Last week the Domestic Abuse Act 2021 Statutory Guidance was published. This document has been written as a supporting framework to provide a comprehensive definition of domestic abuse and to help organisations and agencies to identify and respond to all types of domestic abuse.
The Drive Partnership welcomes this statutory guidance and many of the changes that have been made since the draft guidance was published last year. We are pleased to see an improved focus on how to address domestic abuse perpetrators throughout the document. This includes recognition of the fact that perpetrators are often able to manipulate professionals and agencies to continue exerting control over their victims and that to enable safeguarding teams to be confident in engaging with perpetrators, they should receive skills-based training on dealing with perpetrators of different types and their tactics. We are also glad to see that references to ‘parental alienation’ have been removed from the guidance after we were one of the many voices in the sector who called on the Government to make this change.
However, the guidance does represent a missed opportunity in giving clear and comprehensive guidance on the benefits of commissioning a full range of perpetrator programmes for different cohorts from early intervention to high-harm and high-risk. The appropriate intervention will depend on the individual needs and characteristics of the perpetrator and should be identified by trained assessors. Given the inclusion of the ‘Pursuing Perpetrators’ strand in the recently published Tackling Domestic Abuse Plan, this statutory guidance could have ensured aligned commissioning of perpetrator programmes as an integral part of reducing risk for victim-survivors across England and Wales.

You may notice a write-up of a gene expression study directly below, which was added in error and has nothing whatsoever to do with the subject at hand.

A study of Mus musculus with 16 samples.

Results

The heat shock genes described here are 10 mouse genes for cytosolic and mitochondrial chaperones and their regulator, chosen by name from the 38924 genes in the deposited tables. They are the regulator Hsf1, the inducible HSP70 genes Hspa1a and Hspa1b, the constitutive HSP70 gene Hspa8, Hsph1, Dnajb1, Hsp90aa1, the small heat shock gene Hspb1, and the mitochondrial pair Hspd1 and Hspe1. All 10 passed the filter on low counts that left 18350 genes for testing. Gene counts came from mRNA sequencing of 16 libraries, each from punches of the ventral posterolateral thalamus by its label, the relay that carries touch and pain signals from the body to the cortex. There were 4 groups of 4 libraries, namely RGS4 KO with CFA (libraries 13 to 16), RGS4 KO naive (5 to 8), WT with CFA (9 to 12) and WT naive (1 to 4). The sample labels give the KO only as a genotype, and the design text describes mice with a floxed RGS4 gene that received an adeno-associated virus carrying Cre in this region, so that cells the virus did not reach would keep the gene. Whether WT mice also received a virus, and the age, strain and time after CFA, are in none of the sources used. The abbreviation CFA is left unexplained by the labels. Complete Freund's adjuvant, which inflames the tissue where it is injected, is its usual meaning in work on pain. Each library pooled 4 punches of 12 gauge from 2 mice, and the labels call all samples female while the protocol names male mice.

We were disappointed that the statutory guidance does not contain a commitment to tackling the barriers faced by migrant victim-survivors in accessing support, as identified by the Latin American Women’s Rights Service (LAWRS). Looking forward, the Drive Partnership is calling for the Victims’ Bill to contain a commitment to sustainable, dedicated funding for community-based services that work with victim-survivors and with perpetrators, particularly those from minoritised communities. This will ensure a holistic response to domestic abuse and increase safety for all victim-survivors.